Building Constituencies

Domestic fiscal space for CTs

  • domestic-fiscal_icon1African members that participated in the Livingstone meetings agreed that countries and development partners could together support a minimum package of social transfers (Taylor 2010).
  • domestic-fiscal_icon2Market-based growth and appropriate management of the macroeconomy, revenue from natural resources, improved governance and tax collection, debt relief, and donor support will continue to allow many Sub-Saharan countries to access additional financing for CTs.
  • domestic-fiscal_icon3Some countries fund social protection through their domestic budgets; others use financing, such as HIPC funds or anti-HIV funds, to support cash transfer programs.
  • domestic-fiscal_icon4The programs that Sub-Saharan African countries can afford will vary depending on the countries’ financial situation, and most countries will have to gradually allocate fiscal space for programs.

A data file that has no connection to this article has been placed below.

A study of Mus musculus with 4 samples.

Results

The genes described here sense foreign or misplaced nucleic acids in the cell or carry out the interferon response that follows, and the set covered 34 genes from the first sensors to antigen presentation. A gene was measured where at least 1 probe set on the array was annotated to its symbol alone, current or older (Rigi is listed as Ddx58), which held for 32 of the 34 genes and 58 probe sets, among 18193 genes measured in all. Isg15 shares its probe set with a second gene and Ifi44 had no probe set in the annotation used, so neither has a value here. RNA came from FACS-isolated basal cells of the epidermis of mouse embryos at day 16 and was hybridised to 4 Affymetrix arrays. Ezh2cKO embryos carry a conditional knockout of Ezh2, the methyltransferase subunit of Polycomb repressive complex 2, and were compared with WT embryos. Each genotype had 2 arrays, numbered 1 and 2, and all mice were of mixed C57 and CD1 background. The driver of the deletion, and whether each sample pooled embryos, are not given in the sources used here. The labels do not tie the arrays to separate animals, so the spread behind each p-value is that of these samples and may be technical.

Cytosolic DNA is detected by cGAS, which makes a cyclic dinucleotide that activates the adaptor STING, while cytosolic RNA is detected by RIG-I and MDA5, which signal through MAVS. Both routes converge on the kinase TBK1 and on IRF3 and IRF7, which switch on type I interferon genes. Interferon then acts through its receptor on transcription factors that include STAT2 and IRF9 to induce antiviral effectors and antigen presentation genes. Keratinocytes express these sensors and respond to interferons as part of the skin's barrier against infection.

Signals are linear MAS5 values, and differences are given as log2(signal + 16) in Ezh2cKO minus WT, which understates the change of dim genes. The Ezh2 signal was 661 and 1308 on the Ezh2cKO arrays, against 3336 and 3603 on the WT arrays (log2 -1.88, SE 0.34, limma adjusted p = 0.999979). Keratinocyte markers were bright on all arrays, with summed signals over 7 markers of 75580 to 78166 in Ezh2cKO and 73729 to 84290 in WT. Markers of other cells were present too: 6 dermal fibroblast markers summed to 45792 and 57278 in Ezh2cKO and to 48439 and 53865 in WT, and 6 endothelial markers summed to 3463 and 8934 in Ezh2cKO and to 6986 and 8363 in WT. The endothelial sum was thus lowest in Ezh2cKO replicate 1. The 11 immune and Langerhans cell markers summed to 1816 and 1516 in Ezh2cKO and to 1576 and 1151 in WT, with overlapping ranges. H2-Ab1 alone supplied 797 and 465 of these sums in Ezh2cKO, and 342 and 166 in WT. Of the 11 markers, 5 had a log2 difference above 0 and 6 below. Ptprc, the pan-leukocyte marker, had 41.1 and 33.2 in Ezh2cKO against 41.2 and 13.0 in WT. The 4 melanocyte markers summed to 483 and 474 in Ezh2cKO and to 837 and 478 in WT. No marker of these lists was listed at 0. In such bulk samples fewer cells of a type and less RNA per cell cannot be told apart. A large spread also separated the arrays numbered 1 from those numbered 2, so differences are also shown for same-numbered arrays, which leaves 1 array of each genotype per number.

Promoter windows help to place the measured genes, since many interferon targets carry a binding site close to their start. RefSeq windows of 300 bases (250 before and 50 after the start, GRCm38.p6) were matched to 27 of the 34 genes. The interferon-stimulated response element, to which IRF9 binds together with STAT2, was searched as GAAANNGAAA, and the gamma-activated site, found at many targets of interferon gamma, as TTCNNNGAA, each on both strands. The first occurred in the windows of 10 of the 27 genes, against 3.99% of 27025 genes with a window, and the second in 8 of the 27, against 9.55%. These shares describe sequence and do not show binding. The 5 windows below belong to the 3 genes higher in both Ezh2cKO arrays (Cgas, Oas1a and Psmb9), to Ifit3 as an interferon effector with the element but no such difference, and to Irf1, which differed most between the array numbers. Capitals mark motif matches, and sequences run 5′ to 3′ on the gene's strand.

• domestic-fiscal_icon5Properly designed and administered CTs offer potential cost savings over some of the past responses that governments have adopted to reduce vulnerabilities in times of economic crises and natural disasters.
    • Countries that introduce cash transfers in place of food subsidies may increase the efficiency of spending on social protection while removing the moral force of arguments opposed to phasing out certain subsidies. Such a phase-out of subsidies occurred as CTs were initiated in Mexico, Indonesia, Mozambique, and other countries.
    • Cash transfers that are part of national social protection programs may also be more efficient than small-scale programs implemented by multiple providers. A study in Kenya found that CSOs spent between 30 and 60% of their budgets on administrative or overhead costs (Devereux Pelham 2005). This percentage was significantly higher than that found in Kenya’s CT for OVC, where administrative costs were expected to be approximately 25% in 2012 and to drop thereafter (World Bank 2009). Administrative costs in other programs are estimated to be lower than those in Kenya’s program.